6 Best Exercises to Improve Your Squats

Squats are a compound exercise. (Photo via Pexels/Li Sun)
Squats are a compound exercise. (Photo via Pexels/Li Sun)

Squats are compound exercises that primarily target the lower body muscles and help burn a large amount of calories. They target and strengthen the quadriceps, glutes, hamstrings, and calves, and work on some major upper body muscles too, including the back, core, and abs.

Although squats include beginner-friendly moves that can be performed with or without weight, doing them incorrectly can cause muscle imbalance and also lead to pain in the lower body and injuries. The good news is that there are several exercises that can help improve your overall squats performance and increase your strength along the way. These exercises can strengthen the muscles most used during squatting and help you attain a good squat form.

Best Workouts to Improve Your Squats

Ready to improve your squats technique? Here’s a list of some great exercises that are sure to perfect your squatting.

1. Barbell Hip Thrust


Include barbell hip thrust in your workout routine if your glutes are a problematic factor during the squat. This exercise increases your glute hypertrophy and works on your lockout strength as well.

Begin seated on the floor with your knees bent and feet wider than your hip distance. Place a bench behind you and rest your upper back against its edge. Ensure that your upper back rests against the center of the bench. Place a barbell across your hips and grab it firmly with both hands. Slowly press the barbell up while squeezing your glutes and keeping your hips in line with your knees and shoulders. Keep your core engaged throughout the move and tuck your chin in for better balance. Lower the barbell and your hips down and lift again.

2. Pullover Deadbug


Begin in a lying position with your face up and hold the kettlebell by its horn. Place it over your chest and bend your knees to a 90-degree angle. Firmly press your lower back onto the floor and extend one leg out while lowering the weight behind you. Once you lower the kettlebell, start to alternately extend your legs. Keeping a slight bend on your elbows allows your shoulder and core stability to execute the overhead motion.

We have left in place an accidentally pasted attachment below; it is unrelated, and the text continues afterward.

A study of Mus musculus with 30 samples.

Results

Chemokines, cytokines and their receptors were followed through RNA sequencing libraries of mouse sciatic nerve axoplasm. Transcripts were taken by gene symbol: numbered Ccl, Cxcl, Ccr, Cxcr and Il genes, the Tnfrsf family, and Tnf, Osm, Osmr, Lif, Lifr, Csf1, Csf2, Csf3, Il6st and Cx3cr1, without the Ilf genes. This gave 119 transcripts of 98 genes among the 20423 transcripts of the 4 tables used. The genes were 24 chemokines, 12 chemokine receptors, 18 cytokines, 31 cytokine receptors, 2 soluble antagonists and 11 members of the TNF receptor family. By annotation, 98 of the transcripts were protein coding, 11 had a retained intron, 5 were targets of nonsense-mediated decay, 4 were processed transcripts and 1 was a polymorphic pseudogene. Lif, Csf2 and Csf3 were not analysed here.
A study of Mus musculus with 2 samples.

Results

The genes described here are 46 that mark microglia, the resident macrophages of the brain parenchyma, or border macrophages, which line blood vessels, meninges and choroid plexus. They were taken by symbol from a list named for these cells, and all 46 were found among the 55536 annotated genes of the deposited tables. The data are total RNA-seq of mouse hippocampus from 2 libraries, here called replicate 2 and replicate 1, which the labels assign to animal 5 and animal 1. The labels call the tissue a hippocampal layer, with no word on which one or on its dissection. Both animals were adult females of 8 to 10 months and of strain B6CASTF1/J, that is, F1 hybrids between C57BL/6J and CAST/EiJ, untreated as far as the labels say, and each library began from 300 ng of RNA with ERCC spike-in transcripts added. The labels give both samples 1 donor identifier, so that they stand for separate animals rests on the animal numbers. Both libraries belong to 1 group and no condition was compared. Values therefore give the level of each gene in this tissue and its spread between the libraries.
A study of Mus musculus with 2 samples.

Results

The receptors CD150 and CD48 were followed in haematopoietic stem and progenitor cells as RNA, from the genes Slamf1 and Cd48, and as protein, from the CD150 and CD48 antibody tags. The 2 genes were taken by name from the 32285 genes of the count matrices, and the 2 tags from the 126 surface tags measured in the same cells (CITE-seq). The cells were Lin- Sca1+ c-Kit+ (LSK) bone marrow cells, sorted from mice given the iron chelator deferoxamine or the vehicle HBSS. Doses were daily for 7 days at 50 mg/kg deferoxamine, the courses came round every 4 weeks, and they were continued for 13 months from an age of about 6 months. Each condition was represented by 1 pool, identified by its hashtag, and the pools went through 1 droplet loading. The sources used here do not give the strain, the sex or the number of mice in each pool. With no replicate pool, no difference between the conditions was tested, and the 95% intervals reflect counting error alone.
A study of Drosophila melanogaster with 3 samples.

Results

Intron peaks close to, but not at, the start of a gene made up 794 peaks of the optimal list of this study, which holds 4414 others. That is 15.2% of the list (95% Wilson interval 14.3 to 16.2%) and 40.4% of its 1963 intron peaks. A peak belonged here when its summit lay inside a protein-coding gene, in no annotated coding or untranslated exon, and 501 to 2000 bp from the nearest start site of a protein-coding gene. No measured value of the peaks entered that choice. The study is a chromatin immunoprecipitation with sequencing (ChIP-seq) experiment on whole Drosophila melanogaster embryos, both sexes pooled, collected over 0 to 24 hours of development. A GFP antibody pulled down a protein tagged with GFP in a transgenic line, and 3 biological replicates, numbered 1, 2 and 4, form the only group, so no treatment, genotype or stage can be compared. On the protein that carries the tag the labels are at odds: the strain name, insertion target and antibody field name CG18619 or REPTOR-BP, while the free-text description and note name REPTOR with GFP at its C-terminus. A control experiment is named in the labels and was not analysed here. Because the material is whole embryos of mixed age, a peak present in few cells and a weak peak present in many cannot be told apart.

3. Frog Stretch


Start in a tabletop position with your shoulders above your hands and allow your knees to move under your hips. Keep your feet on the floor. Now move your forearms into a plank position and spread your knees as wide as you can while ensuring that your shins are parallel to one another. With your toes turned out to the sides, push back using your forearms and try to sit back on your heels. Do not force your muscles, but only go as far as it feels comfortable. As you exhale, sink a little deeper and open your hips, just like you do at the bottom of a squat.

4. Front Foot Elevated Split Squat


Place one foot elevated on a low-height platform, such as a plyo box or a weight plate. Take a step back with your opposite foot and bend down so that your heel gets lifted off the floor. Lean toward your elevated foot and descend as far as you can. Stop at the bottom and push yourself back up using your quads. Repeat on the other side.

5. Good Morning


This exercise prevents the rounding of your torso and helps you get adjusted to hold the barbell on your back. It strengthens the lats and upper back and helps you perform effective and safe squats.

Begin standing with your feet at shoulder distance and knees slightly bent. Position a barbell on your shoulders and ensure that the bar rests properly on your traps. Engage your core, abs, and upper back, and hinge on your hips while pushing your hips back and torso forward. Go down until your upper body gets nearly parallel to the floor. Return to the start and repeat.

6. Bent-Over Row


Bent-over rows target the upper back muscles and help create a strong shelf for the barbell to rest on during the squats.

Stand tall with your legs shoulder-width apart and knees bent. Grab a dumbbell in each hand with your palms facing each other. Now bend your upper body at a 45-degree angle and pull the weights up toward the sides of your torso. While pulling the dumbbells, keep your wrists stable and slowly lower the weights to the initial position.


Now that you know about these exercises, practice them regularly to boost your squats performance and strength. Add these exercises to your strength training session and aim to perform them at least thrice a week. Start with light weights, and gradually challenge yourself by increasing the reps.